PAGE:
Five persons were killed in this fire presumed to be caused by the humidifier of Dhaman ventilator, manufactured by Rajkot-based Jyoti CNC.

Severely criticising the Gujarat government’s policy on outsourcing jobs of fire personnel as well as negligence of hospital administration, two reports of the (retired) Justice DA Mehta Commission of Inquiry looking into two incidents of fire that killed 13 Covid patients last year, recorded that the fire in Rajkot hospital started from Dhaman ventilator provided by a private firm to the state government.

Recommending that privatisation be restricted only to commercial sectors and “not where public health, life and safety of citizens was concerned”, the reports, on the incidents at Shrey Hospital in Ahmedabad and Uday Shivan-and Hospital in Rajkot, submitted to the then chief minister Vijay Rupani in March, were tabled in the Assembly on Tuesday.

Based on affidavits submitted by electrical inspector at Rajkot, Manojkumar Hansaliya, FSL officials and Directorate of Forensic Science in Gandhinagar, and the only eyewitness, nursing staff Maheshbhai Kunvariya, the Commission observed, “…The first spark occurred in thermo sensor located in hard flexible transparent pipe attached to the face mask…. of the patient in bed number 103, resulting in the pipe carrying oxygen to the patent catching flash fire… the patient’s hair caught fire… There was a second blast in the machine resulting in spreading of fire.”

Five persons were killed in this fire presumed to be caused by the humidifier of Dhaman ventilator, manufactured by Rajkot-based Jyoti CNC.

In the case of Shrey fire, the Commission took into account the FSL findings, which suspects that the fire could have started due to sparking (short circuit) in a patient monitor that was reportedly 15 years old, three times its prescribed life span.

Noting such lapses, the Commission noted that there is no policy to change or replace ventilators and other critical medical equipment which use electrical power and that a database should be maintained and simultaneously linked with the annual fire NOC certificate application. The state has admitted that “it is a policy issue” and that the government “will examine it further”.

In Shrey incident, the Commission said, Bharat Vijaydasji Mahant, who along with his family has 86% stake in the hospital, “has to be held guilty of negligence”, saying he was “solely responsible for the incident” of fire.

Noting that the policy of hiring personnel by mode of outsourcing “is not only detrimental” but also creates a “culture which yields negative result by way of outright poor performance”, the Commission questioned the quality of service when the lowest bidding contractor is awarded the work.

Mincing no words, the commission said fire emergency services is an essential service, and that it “cannot be dependent upon or supplemented by persons who have been outsourced through a contractor” and added that “the state government has to realise that it is required to govern… and not make a show of governing”.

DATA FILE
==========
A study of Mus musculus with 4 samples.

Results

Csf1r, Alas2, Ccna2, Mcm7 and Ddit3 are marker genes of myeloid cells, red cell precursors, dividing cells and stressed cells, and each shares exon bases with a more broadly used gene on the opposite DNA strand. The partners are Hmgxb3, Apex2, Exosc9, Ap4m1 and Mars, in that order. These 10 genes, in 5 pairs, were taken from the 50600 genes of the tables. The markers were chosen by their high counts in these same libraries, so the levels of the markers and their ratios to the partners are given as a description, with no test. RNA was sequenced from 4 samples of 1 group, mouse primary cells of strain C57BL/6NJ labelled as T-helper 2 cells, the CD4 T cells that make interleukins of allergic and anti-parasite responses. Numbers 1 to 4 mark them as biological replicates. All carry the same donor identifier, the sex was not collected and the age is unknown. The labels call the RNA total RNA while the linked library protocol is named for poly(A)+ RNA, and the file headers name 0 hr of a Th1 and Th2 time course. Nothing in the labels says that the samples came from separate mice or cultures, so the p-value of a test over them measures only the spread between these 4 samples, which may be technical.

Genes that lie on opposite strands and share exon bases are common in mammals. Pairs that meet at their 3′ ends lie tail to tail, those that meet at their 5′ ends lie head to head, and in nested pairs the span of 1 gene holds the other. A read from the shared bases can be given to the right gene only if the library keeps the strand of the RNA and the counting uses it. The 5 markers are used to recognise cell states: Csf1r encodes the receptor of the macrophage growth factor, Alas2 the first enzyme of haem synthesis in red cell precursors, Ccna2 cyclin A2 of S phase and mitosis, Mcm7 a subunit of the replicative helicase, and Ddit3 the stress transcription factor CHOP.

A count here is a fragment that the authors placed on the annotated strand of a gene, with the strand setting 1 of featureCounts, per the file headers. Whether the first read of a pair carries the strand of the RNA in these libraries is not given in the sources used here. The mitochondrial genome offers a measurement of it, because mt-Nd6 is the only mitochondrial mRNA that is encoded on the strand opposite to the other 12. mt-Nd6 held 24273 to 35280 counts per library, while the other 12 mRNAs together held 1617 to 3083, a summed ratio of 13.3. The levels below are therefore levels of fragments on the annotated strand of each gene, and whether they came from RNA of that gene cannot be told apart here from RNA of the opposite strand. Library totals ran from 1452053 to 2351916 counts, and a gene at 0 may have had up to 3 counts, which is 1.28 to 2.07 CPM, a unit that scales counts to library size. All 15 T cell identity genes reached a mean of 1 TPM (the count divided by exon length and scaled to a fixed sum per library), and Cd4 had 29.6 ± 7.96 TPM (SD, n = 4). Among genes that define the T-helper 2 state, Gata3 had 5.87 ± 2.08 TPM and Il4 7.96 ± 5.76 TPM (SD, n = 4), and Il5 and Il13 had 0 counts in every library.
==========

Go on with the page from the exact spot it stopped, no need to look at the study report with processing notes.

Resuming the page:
The Commission also recommended that the “concept of privatisation has to be restricted and made applicable to only in sectors, which may properly be described as commercial” and not where public health, life and safety of citizens are concerned.

The state government, in its ‘action taken’ measures, clarified that the policy of outsourcing was a “temporary arrangement”. However, the government refused to accept the Commission’s recommendation on revamping the fire brigade system, saying fire service is part of 12th schedule of the 74th Constitutional amendment and state will only monitor the services while effective implementation-related measures will be left to the discretion of urban local bodies.

Coming down heavily on government practice of regularising unregularised construction by paying a fee, the Commission noted that “there cannot be (such) a blanket policy”, and clinical as well as educational premises, especially, should not be permitted to operate in illegally constructed premises regularised by paying such fee.

It noted that if unauthorised constructions on the premises of Shrey Hospital were not regularised, the incident on the night of 5-6 August, 2020, could have been avoided.

Noting that many small hospitals function in commercial buildings not meant for a health setting, the Commission recommended that there has to be structural changes and revamping of electrical load. The state, however, accepted this recommendation only partially, clarifying that it will ensure fire NOC for all hospitals that can be provided without making structural changes.

The Commission has also recommended two staircases for emergency exits — a measure that was absent at Shrey Hospital, to which the state said it shall be implemented in new hospitals.

Noting that there is no statutory provision which governs the registration of nursing homes and hospitals, it recommended that the Gujarat Clinical Establishments (Registration and Regulation) Act be implemented.

Rebuking the practice of payment of ex gratia to the kin of the deceased by the state, the commission questioned “why a taxpayer should bear the burden of misdeed or laxity of the management of the nursing home”, and said it must be borne by the management of the nursing homes.

The Commission also found out that hospital staffers in the two hospitals were not well-trained to tackle an emergency and suggested that the state formulate a policy. It also noted that temporary obstructions and bifurcations set up to demarcate areas treating Covid patients from other areas in hospitals was a “problem area”, when it comes to fire safety. The Commission recommended that hospitals should remove such obstructions, including false ceilings, glass facades etc.